Georgia NG's long road home nearly complete

Combined Joint Task Force - 82 PAO
Story by Sgt. Andrew Reagan

Date: 03.19.2010
Posted: 03.19.2010 09:25
News ID: 46885
Georgia NG's Long Road Home Nearly Complete

PAKTYA PROVINCE, Afghanistan- Soldiers from the Georgia National Guard's 48th Brigade, 121st Light Infantry Regiment, 1st Battalion, Echo Company, Distribution Platoon from Winder, Ga., convoyed from their home Forward Operating Base Lightning in Paktya province, Afghanistan, to Combat Outpost Herrera, also in Paktya, March 17.

What made this mission special was the platoon also conducted it with their replacements, the Vermont National Guard's 172nd Infantry Division, 3rd Battalion, Echo Company, Distribution Platoon.

This hallmarked the near completion of the unit's tour in Afghanistan. The Georgia Guard Soldiers will leave FOB Lightning in the next few days and begin their journey home.

The Soldiers in the unit say that the most important things they will take with them from their time in Afghanistan are the strong bonds they formed with their Afghan National Army counterparts and each other.

"It will be sad to see everyone go their separate ways, but at the same time we know we can always rely on each other. We can call each other in the middle of the night if we ever need help. We're battle buddies for life," said the distribution platoon sergeant, U.S Army Sgt. 1st Class Brian Mauro of Jackson, Ga., Mauro added the platoon is so close-knit because of what they accomplished and went through together.

Echo Co. drove more miles than any other company in the 48th Brigade. They delivered construction supplies, food and anything else that the units they supported needed. They drove through all seven provinces in the 48th's area of operation and through every type of terrain imaginable, Mauro said.

There is one specific mission that the members of the platoon point to as an event that changed the direction of their deployment. The unit embarked on a mission to deliver supplies to several nearby FOBs in early November.

However, not only did the scheduled week-long operation turn into a mettle testing 24-day ordeal due to poor weather and other factors, but the unit also encountered a complex ambush on the second day of the mission.

"The first time we got hit was a turning point. We became more serious about our mission and it brought us closer together. It turned us into one cohesive team. You couldn't separate us after that. We had to count on each other for everything...That bond will never go away. We went through this together and we came out of it together," said U.S. Army Sgt. Greg S. Wallace, of Atlanta, a medic with the platoon.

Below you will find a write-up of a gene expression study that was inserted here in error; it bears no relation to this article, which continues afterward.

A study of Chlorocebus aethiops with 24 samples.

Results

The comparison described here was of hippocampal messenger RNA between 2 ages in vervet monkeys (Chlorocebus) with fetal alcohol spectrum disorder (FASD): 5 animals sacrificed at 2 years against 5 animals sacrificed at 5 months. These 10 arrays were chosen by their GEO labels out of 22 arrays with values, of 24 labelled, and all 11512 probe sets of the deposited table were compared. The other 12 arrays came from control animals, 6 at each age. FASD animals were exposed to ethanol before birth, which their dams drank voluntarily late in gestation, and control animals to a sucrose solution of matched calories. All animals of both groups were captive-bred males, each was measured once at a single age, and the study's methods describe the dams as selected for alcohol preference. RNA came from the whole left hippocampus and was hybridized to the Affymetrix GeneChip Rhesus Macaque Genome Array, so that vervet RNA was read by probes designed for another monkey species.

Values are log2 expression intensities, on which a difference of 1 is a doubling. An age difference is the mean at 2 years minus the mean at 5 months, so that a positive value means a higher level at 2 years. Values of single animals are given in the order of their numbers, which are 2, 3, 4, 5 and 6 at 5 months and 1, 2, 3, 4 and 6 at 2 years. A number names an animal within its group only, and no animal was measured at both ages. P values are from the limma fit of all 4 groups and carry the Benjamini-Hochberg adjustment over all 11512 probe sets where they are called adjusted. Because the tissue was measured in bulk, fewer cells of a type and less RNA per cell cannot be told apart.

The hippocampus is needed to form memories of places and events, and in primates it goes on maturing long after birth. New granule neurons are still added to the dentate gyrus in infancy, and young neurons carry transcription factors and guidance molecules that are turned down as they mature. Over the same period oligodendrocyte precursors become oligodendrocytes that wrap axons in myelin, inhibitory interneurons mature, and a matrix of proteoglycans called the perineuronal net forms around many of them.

Another positive during the 24-day mission was the strengthening of the relationship between the Soldiers in the Distribution Platoon and their ANA counterparts.

"During those 24 days, we had some down time waiting to go from place to place and it made us really work with the ANA a lot... We spent a lot of time planning things with their staff and we built some good personal relationships with them," said the unit platoon leader, U.S. Army 1st Lt. Jerry M. Garner, of Dearing, Ga. "Those 24 days really solidified our relationship with the ANA."

Garner also discussed the development of the partnership between his unit and the ANA, as well as the important role the ANA played in his unit's mission.

"We started working with them back in October, especially with their [non-commissioned officers]. We made it a point to pair our NCOs with their NCOs...The trust factor has gone way up between our unit and their unit.

"Whenever we roll out we do our best to take them with us, and when they roll out they do the same for us...We use them on the cultural side of things, assisting with the population...We're assisting their army and defending their country from people who want to do them harm. The ANA helps to get the message across," Garner said.

After travelling across thousands of miles of eastern Afghanistan and surviving enemy attacks, the Soldiers of the Distribution Platoon can't wait to get home. They are rightfully proud of all they have accomplished in the last year, but are proudest of one single accomplishment.

"We took 31 guys over here and 31 are going back," Mauro said.